The flat black VX-17 will look good with just about any gear or bike in your collection. It didn’t show scratches as much as we first anticipated, but don’t leave it sitting in the sun between rides or it’ll cook your brain the next time you strap it on.
Helmets are the one piece of gear that every rider must have. Some people wear work boots and jeans and that’s ok, but any crazy kook who enjoys riding without a decent lid probably isn’t going to enjoy it for very long. There’s a ton of helmet-makers out there cranking out a wide variety of brain buckets for you to choose from. While the general rule of thumb is that you get what you pay for, manufacturers like Scorpion have been figuring out how to break the rules by making good helmets that weigh less than their price tags.
The Scorpion VX-17 Orion feels light in your hands and on your head. Weighing 3.25 pounds, the medium unit was comfortable at all times and formed to the knobby contours of my head quickly and comfortably, though it was a bit snug for a size medium. Our Editorial Director, Ken Hutchison felt his size-large was easy on the neck muscles as well and easily accommodated his different cranial structure.
“The VX-17 fits my big, round Charlie Brown-shaped head very well,” he says. “I wear a medium in Fox and Shoei, but I need a large VX-17 so it seems they run a bit small compared to some other brands.”
All you children’s labor rights radicals plug your ears, but like so many inexpensive things in this world Scorpion helmets are manufactured in China. The craftsmanship does reflect the price to some degree with a slightly ill-fitting mouthpiece and flimsy decal that was only half applied when it arrived at our office. But, the construction is solid and the helmet has all the necessary features like a removable liner, which is available in alternate color schemes, closeable forehead vents and
Ken elected to wear this red version, not only because it’s cool, but because his chubby cheeks wouldn’t fit in our smaller black model.
a padded chin strap.
The fiberglass/Kevlar Matrix shell held up to all of our branch busting, face mashing and the occasional fall from its perch on the handlebars. Inside is a comfortable Kwikwick moisture-wicking liner and cheek pads which do an admirable job of keeping your sweaty noggin dry during those tough rides.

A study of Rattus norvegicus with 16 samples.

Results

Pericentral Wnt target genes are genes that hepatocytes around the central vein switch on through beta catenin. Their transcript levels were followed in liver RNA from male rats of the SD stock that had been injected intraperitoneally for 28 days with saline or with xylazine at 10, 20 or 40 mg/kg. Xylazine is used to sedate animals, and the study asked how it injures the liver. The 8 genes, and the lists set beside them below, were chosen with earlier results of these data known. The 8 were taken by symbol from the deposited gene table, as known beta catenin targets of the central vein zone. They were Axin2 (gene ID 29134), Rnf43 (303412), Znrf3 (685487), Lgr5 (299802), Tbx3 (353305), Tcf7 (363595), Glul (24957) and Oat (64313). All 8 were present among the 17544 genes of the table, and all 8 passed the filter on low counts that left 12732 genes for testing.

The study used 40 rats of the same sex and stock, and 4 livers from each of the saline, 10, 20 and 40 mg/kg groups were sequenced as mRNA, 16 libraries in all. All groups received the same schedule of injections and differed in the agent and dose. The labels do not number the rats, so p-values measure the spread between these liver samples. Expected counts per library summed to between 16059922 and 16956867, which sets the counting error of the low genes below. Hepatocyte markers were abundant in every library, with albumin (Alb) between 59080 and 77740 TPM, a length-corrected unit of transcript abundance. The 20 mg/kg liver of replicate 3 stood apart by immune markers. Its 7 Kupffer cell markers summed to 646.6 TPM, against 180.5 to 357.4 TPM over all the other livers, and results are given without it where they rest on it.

“Since we spent some time on high speed roads I really had a chance to feel the circulation system working,” says Ken. “It does a decent job of flowing fresh air over your head. The liner is removable and customizable so that is a plus in a helmet in this price range. You can get custom colors and graphics which allows you to create a helmet as unique as you are. Personally, I like the black liners because it gets dirty and your goggles cover it up anyways – but if you’re into that sort of thing then Scorpion has you covered.
I’ve wanted a flat black helmet for awhile now, so I was stoked to see the Scorpion VX-17 arrive on my desk with that dull sheen accented by a chrome mouthpiece and visor bolts. Ken, though genuinely pleased with the graphics on his red helmet, couldn’t hide his jealousy over not being able to cram his head into the smaller flat black Scorpion.
“I really dig the look of this lid, especially in the red-black-white Orion version I’ve been wearing,” he says. It’s much cooler than the plain flat back version worn by Off-Road guy Jaycee.”
JC wound up with the short straw when it came time for the front-facing impact test. As it turned out, his knowledge of the subject and real-world experience made him perfect for the job.
With an adjustable visor straight out of Batman Returns, the VX-17 has a different visual appeal than many helmets. At first I was worried about water dripping into my vision based on the size and angle of the visor slats, but after ducking through countless wet branches on the trail, it was definitely an unwarranted concern. The angular visor is designed to reduce lift at high speeds which, I was surprised to find, it actually does.
One of the first things I did on the Scorpion’s maiden voyage was punch a tree on an out-of-control descent. Heading Scorpion-first over the bars, the visor took most of the impact, but held up remarkably well. Some scratches and a crack near the mounting bolt was the extent of the damage. I would take another face-plant later in our testing, this time in the dusty confines of a volcanic-rock gravel pit. Again, more cracks in the visor, but despite being cracked in three places, the visor never came apart.
“Overall the helmet is pretty light and the paint and graphics have held up great under our torture tests through the past couple months,” says Ken. “I feel it’s on par with my trusty Fox Pro Pilot and it’s a nice alternative in the $200 range. For
Our enduro test provided the most riding time with the VX-17 helmets. However, they both went on our two-day dual-sport trip and it was our first choice on a few personal weekend rides with our buddies. We like this helmet.
that reason I have to give this helmet my blessing.”
When it comes down to the question of protection versus dinero, Scorpion makes it simple by delivering a very good product for a very reasonable cost. Yeah, we’ve got the world’s greatest job of testing motorcycles, but we are journalists and we work for peanuts. And that’s the raw, unsalted and unshelled variety. Our passion is expensive and dangerous, which means that any product like the VX-17 helmet that offers great protection for a menial price is right up our alley. Scorpion can go ahead and add a MotoUSA-approved stamp to go along with the ever-popular Snell and DOT endorsements.